IRS Payment Penalties

If you have not payed the taxes that you owe the IRS and aren't filing bankruptcy on tax debt, then the amount that you owe is going to be increased substantially. The longer that you go without making these payments, the more money that you are going to end up owing. As this is the case, you need to make an effort to pay as much as you can as soon as you can. Making these payments will help relieve your tax debt and will get you back on the right track financially.

When it comes to penalties for the IRS, you need to take things very seriously. This is, after all, your money that is in question. Keep in mind that you may be assessed fees for paying your taxes late, but that you may also be assessed fees and penalties for actually filing your taxes late. If you want to make sure that you don't have to deal with any of these fees or penalties, then it is in your best interest to file and pay your taxes in a timely manner. It's really the only way to guarantee that you can hold on to more of your money.

Categories of Penalties

One common type of penalty that you may have to pay is a failure to file penalty. These penalties will be based on the time from when your tax return was due to the time that you actually end up filing your taxes. The IRS is going to charge you a 5% fee for each and every month that your tax return is late. If you don't file for an additional two months after the return is due, then you will need to pay 10% of the balance that you owe in penalties.

Another type of penalty that you have to pay is a failure to pay penalty. This is going to be calculated based on the amount of tax that you actually owe to the IRS. You're going to be charged 0.5% of the balance that you owe for each month that your tax is not paid in full. This penalty is going to be assessed from the original payment deadline until you have paid off your taxes in full. Keep in mind that there is no limit to how large the penalties can grow on your taxes. If you don't pay for a long time, then the costs will continue to rise.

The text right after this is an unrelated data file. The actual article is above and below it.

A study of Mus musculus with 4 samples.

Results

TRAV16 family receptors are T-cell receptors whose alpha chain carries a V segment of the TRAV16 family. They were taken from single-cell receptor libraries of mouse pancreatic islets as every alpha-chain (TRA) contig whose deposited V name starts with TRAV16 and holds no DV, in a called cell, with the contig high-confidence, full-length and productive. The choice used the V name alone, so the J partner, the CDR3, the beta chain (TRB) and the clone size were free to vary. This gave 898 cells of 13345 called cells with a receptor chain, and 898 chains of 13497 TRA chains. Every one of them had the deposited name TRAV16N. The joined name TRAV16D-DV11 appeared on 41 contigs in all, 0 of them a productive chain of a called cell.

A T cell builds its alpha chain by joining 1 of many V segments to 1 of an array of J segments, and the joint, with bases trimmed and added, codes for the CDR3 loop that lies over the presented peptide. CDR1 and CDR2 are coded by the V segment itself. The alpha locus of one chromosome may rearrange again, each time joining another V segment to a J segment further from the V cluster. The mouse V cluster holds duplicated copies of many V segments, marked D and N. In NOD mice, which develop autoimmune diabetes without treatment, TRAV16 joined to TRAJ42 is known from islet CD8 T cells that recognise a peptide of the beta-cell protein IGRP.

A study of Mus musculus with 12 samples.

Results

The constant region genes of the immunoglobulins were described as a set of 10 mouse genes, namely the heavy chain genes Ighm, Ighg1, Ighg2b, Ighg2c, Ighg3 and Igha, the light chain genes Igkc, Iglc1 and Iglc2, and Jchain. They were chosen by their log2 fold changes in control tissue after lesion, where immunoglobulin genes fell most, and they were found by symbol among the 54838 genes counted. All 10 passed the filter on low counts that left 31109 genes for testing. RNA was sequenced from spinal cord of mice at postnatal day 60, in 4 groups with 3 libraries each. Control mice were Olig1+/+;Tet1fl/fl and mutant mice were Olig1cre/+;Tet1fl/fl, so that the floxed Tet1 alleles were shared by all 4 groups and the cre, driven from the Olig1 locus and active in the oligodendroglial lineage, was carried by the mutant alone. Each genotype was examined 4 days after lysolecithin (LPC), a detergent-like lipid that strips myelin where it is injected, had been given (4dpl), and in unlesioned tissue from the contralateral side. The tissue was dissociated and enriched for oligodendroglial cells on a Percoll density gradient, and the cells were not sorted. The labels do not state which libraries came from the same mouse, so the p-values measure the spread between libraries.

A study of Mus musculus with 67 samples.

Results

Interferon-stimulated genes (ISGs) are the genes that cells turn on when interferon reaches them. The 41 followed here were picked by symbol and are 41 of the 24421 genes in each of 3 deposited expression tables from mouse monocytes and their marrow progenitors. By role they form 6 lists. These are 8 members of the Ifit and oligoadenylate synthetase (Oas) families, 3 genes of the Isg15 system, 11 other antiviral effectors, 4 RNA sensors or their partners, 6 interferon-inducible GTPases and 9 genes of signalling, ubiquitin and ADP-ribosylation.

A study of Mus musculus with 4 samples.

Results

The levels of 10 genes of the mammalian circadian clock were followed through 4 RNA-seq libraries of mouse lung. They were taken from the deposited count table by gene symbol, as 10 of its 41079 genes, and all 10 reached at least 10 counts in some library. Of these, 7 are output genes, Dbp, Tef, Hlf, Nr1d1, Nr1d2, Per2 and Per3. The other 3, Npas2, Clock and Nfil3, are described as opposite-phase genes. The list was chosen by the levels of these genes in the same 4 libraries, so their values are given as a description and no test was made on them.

The other type of penalty that you will need to pay is interest. These rates are subject to change, and they are going to be assessed quarterly, but you will have to pay interest for each day that your balance is not paid in full. These rates may change every three months, or four times a year, so you need to be aware of these changes. A lot times, people will end up paying a large amount in interest if they do not settle their tax debts as soon as possible.

Get Your Taxes Filed

One thing that you can do to reduce IRS payment penalties is to get your taxes filed as soon as possible. A lot of people put off doing this because they don't think that they can afford to pay what they owe. By not filing, you are only going to increase the amount of money that you owe overall. Give yourself a break and file as soon as you can. You may be able to come up with a payment option that will work for your financial situation. Speaking to the IRS is better than just letting things go.